The All-Party Parliamentary Group for Chaplaincy in the NHS – which is supported by 40 MPs from different religions – has said it will “name and shame” hospital trusts failing to provide chaplains from a required range of religions. The new grouping will attempt to force all NHS hospitals to provide a Catholic chaplain by making it a legal requirement.
The new group was formed with backing from former Conservative leader and Catholic Iain Duncan Smith, and will be chaired by shadow Health Minister, Mike Penning, an Anglican. The group will press for all major religions and denominations to be represented in hospital chaplaincies if they are present in the local population. Mr Penning said such hordes of clerics were necessary because the idea of “multi-faith” chaplains was “unsatisfactory”. All these chaplains are to be employed at the NHS Trusts’ expense.
Father Peter Scott, a national chaplain liaison officer and chaplain co-ordinator at Westminster Diocese, who pushed for the formation of the parliamentary committee, said: “The aim is to make chaplaincy services a statutory requirement, as it already is in prisons, the armed forces and higher education, but not in hospitals. In the NHS core principles there is nothing specific about the religious and spiritual needs of patients and staff.”
This latest push follows from the publication of a report from the Theos “Christian think tank” which revealed that hospitals in dire financial straits were cutting chaplaincy services in order to save medical and nursing jobs. Since then, the pressure has been increasing from the churches for this trend to be reversed.
When it was discovered that the Worcester Royal NHS Hospital Trust had cut its chaplaincy service to save money, the churches went into overdrive. Their pressure – as usual – has paid off and the Trust has been forced to announce that chaplaincy provision for its three hospitals will be part of the budget again next year – albeit that this is only a third of the previous complement.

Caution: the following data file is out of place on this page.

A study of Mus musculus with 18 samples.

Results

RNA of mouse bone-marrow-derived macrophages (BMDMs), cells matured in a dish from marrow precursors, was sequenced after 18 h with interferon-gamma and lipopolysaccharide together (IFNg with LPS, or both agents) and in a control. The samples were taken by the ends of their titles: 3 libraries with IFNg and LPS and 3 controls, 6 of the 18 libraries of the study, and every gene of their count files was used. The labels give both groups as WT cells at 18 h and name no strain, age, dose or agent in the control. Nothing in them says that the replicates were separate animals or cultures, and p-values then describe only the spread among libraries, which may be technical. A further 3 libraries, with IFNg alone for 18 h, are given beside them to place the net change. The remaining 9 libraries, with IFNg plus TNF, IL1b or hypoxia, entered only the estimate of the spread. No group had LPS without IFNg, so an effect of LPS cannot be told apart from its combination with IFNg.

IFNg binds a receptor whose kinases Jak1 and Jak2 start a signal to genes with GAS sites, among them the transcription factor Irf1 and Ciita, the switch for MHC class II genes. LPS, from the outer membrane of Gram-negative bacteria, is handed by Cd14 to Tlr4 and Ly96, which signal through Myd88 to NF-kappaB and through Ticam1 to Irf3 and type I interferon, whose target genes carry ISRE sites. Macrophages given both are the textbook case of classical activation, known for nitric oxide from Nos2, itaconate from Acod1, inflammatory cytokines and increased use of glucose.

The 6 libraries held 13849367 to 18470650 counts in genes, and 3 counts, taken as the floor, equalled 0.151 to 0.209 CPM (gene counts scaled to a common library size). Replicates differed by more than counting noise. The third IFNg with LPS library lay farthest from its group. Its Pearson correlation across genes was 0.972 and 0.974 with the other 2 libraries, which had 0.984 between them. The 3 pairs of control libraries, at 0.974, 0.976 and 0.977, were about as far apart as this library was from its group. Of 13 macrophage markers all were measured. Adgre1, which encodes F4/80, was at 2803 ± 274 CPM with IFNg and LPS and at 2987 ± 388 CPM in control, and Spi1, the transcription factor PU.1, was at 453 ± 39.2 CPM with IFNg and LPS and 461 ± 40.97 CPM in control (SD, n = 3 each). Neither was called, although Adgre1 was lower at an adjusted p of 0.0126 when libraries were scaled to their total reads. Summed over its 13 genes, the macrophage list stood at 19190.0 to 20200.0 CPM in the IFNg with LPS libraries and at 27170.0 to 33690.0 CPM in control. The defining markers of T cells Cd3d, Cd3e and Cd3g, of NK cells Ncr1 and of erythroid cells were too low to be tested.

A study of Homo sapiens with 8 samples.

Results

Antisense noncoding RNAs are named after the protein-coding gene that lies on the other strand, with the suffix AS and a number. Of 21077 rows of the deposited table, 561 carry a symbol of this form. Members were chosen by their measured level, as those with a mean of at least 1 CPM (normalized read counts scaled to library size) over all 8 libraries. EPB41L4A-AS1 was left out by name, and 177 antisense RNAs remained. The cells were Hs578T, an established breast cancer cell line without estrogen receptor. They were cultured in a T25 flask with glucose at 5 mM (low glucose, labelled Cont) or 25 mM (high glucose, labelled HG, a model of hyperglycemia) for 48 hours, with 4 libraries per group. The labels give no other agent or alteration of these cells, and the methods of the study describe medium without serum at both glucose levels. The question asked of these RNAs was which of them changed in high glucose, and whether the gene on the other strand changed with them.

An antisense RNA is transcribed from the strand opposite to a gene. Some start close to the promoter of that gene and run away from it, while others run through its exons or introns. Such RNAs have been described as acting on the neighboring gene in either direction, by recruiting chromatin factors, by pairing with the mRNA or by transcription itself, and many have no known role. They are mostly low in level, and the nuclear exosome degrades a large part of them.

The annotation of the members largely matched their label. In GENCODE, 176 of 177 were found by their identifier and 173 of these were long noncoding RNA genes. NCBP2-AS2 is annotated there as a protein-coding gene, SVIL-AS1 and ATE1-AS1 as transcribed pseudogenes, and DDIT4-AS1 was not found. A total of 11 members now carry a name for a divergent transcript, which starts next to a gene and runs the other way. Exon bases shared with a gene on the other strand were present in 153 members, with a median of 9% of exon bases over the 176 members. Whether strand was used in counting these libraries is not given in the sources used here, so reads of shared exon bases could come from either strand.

As the churches push to dip into the stretched funds of hospitals around the country, the Bromley Hospitals Trust has announced that it has debts of £99 million and will have to lay off hundreds of staff. Drug orders have been slashed. London NHS doctors face a reduction in the supplement they get for living in the capital. The London Evening Standard reports that a superbug vaccine that could save thousands of lives has been shelved because of a funding crisis.
Perhaps the time has come, in the face of the financial crisis within the NHS, for the churches to examine their conscience and ask what moral right they have to demand money from such a service to finance something that should be their own responsibility? Why don’t they pay for the chaplains out of their own gigantic resources?
We’ve said it before, and we stick by it: these chaplains are parasites on a service that is there first and foremost to provide medical treatment and health care. When are we going to see the All Party Parliamentary Group for Making the Church Pay its Share?